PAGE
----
I heard David Schindler speaking on National Public Radio in April 2017 on our way home from Arizona. I have also heard him speak a couple of times in person. He is one of Canada’s most respected scientists. He is an expert on water and the harm we do to it. Schindler warned that the damage to the environment that we hav caused would have profound effects on people 50 to 100 years from now. But it seems we are incapable of looking ahead that far. No one cares. That short-sightedness is extremely unfair to future generations. Don’t we have obligations to them too? Instead of worrying about them we continue to spew out pollutants into the atmosphere, the ground, and the waters we use. That damage might become irreversible.
The classic example of this, according to Schindler, is the Alberta Tar Sands that he had studied for the last decade or so of his scientific career. The pollution in those Tar Sands are a ticking time bombing, he said. We are leaving it behind. We will have a lot to answer for.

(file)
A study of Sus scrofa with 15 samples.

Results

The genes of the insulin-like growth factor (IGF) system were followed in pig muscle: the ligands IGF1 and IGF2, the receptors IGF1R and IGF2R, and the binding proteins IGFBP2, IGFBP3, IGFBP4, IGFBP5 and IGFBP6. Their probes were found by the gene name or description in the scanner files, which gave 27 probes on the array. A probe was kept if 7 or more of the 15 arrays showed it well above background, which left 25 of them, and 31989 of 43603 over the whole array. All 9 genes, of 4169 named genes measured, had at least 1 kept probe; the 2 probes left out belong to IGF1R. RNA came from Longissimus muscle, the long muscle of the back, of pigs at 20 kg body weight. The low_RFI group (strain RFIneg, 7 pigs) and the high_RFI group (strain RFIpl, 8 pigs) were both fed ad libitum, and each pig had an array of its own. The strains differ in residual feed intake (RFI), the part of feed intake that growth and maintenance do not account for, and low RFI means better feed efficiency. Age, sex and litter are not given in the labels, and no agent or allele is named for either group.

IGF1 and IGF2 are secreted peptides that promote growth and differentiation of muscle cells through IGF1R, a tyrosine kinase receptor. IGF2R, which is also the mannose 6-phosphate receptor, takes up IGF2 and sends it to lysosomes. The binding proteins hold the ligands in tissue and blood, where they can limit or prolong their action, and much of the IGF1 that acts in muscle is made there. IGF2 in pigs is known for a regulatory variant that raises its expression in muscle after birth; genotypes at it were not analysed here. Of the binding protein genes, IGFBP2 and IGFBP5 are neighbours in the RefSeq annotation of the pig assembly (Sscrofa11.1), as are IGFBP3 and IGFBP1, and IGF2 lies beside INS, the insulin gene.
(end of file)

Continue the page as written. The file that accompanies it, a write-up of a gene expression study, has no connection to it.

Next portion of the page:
Another long-term problem we are creating for future generations is climate change. Scientists are 90% (or more) certain that our actions are causing irreparable harm to our climate. We can’t afford to wait until they are 100% certain.
Many people—like the editorial writers in the Wyoming newspaper I read early that morning driving home from Arizona concentrate instead on short-term economic losses of pollution or climate change mitigation. I don’t want to entirely discount those consequences. They will hurt some people. But these writers fail entirely to take into consideration the immense longer-term damage. The costs of mitigating climate change will dwarf the cost of the damage to our economy, but others (like our grand children for example) will pay them in the future. That makes it easy to ignore those costs now. It will be someone else’s problem. Our actions are extremely selfish, unwise and unfair. The editorial writers consider the cost of current job losses, extra taxes, and things like that. These are nearly insignificant in comparison to the costs of the harm of doing business as usual. We cannot afford to ignore the cost to the planet.
The editorial writers appeal to the same people Republicans and Conservatives appeal. Or my Member of Parliament. He only cares about the economic cost to his current electors. The next generation is not his problem. All these leaders are concerned about is what costs will they have to pay. The next generation can be dammed. That attitude could lead to disaster. In fact, it looks like it is leading to disaster.